Stoker's Wilde (Fiction Without Frontiers)

Image of Stoker's Wilde (Fiction Without Frontiers)
Author(s): 
Release Date: 
May 9, 2019
Publisher/Imprint: 
Flame Tree Press
Pages: 
256
Reviewed by: 

“Any reader who likes the literary convention of placing real-life people in fictional situations will wholeheartedly enjoy Stoker’s Wilde.”

Though Oscar Wilde and Bram Stoker are actually acquainted by moving in the same social circles, neither is really what one would consider a “bosom friend” of the other.

Oscar considers Bram “a civil servant who can converse endlessly on anything dull and uninspiring. He is well past six foot, strong as an ox with a red-bearded face that frightens small children but women find handsome.”

In turn, Stoker thinks of Wilde as “a more vain and irritating seeker of attention you’d be hard put to find, though admittedly he shows promise in his academic pursuits.”

This particular adventure involves the two with Sir Richard Burton, ordered by Her Majesty to take care of a “werewolf problem” in Ireland. Wilde is enthusiastically ready to help while Stoker seems startled to find himself included.

“Apparently, I have been kidnapped by Richard Burton and the Wilde family. We are now on a werewolf hunt in Ireland.”

Surprisingly, even Wilde’s mother, a novelist, wants to join in.

“Mother, a werewolf hunt is hardly a place for a woman of your . . .”

“Of my what? Age? Girth?”
“Your dignity.”

Mother wagged her finger. “If your father were alive, he’d say, “Jane, melt down the silverware and grab your gun!”

The group dispatches the werewolf with great drama and not a little pathos and then disperses. Stoker and Wilde won’t meet again until the night of the party celebrating Oscar’s betrothal to Florence Balcombe where Bram is immediately smitten with Florence.

Though the two men soon find themselves in a fatal fight with a vampire who crashes the party, Bram’s attraction to Florence will cause a great enmity between them.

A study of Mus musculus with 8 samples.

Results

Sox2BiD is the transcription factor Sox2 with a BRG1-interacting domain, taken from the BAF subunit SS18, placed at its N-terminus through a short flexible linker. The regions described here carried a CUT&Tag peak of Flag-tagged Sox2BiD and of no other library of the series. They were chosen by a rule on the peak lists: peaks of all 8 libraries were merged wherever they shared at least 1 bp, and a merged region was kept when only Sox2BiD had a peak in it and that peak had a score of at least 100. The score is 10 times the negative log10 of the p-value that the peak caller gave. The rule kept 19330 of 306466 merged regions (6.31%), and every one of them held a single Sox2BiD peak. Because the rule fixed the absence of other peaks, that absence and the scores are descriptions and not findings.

Shortly after the party, Oscar imprudently leaves for a tour of Greece with “some school chums and his mentor, a ‘confirmed bachelor’ known to take a fancy to his brighter students.” In view of this, Bram has no compunction in wooing Florence in her betrothed’s absence. When he moves to London as business manager for actor Henry Irving, he takes Florence with him as his bride.

Now estranged, Oscar and Bram meet again when they are drawn into something more serious and more vicious than a werewolf hunt. Apparently a vampiric conspiracy abounds, and people are lining up to be “turned.” Bram’s employer is also somehow involved.

Though he thinks he can handle it alone, when Florence herself as well as their newborn son are endangered, Bram turns to Oscar for assistance. America is also brought into the fight when Robert Roosevelt, uncle of Theodore and suitor of Florence’s best friend Lucy, is recruited to assist.

Bram tries to remain optimistic. “The darkness of this world can crush a man but if Oscar can face it and emerge as arrogant and vaguely ridiculous as he started, perhaps there is hope for us all.”

Nevertheless, as they track a certain Count Ruthven to his lair, what follows gives the two men not only material for their most famous novels—if they live to write them—but the adventure of a lifetime.

As an homage to Bram Stoker’s Dracula, the authors of Stoker’s Wilde chose to present their novel in the epistolary form used in that novel. As related by the archivist of the fictional White Worm Society, the story is revealed through the notes and letters written by Wilde, Stoker, Florence, and other characters, as well as through contemporary news clippings and other materials.

It is interesting to note that, in this particular form of the Victorian world, everyone accepts the presence of the supernatural. Even at the beginning of the story, that werewolves abound in Ireland is an accepted fact, but “vampires are old news, I’m afraid.”

Readers acquainted with Dracula and also The Lair of the White Worm will note the names of characters and events later appearing in that novel, as well as similar instances used by Wilde in The Picture of Dorian Gray.

It’s a romp of an adventure, filled with acerbic give-and-take between the main characters, as well as enough supernatural happenings to satisfy the Gothic horror fan. Wilde’s entries are filled with that recognizable pithy, biting wit used in his actual writings, while Stoker’s entries copy his own literary style. 

Anyone reading either of these writers’ works will appreciate this novel not only for its entertainment value but also as the (fictional) source of their most famous novels, recognizing each entry, and there are quite a few, with a spark of delight.

Following up the Robert Roosevelt angle, the second entry in the series will find the duo in America, assisting nephew Teddy with his own supernatural problems.

Any reader who likes the literary convention of placing real-life people in fictional situations will wholeheartedly enjoy Stoker’s Wilde and eagerly await that sequel.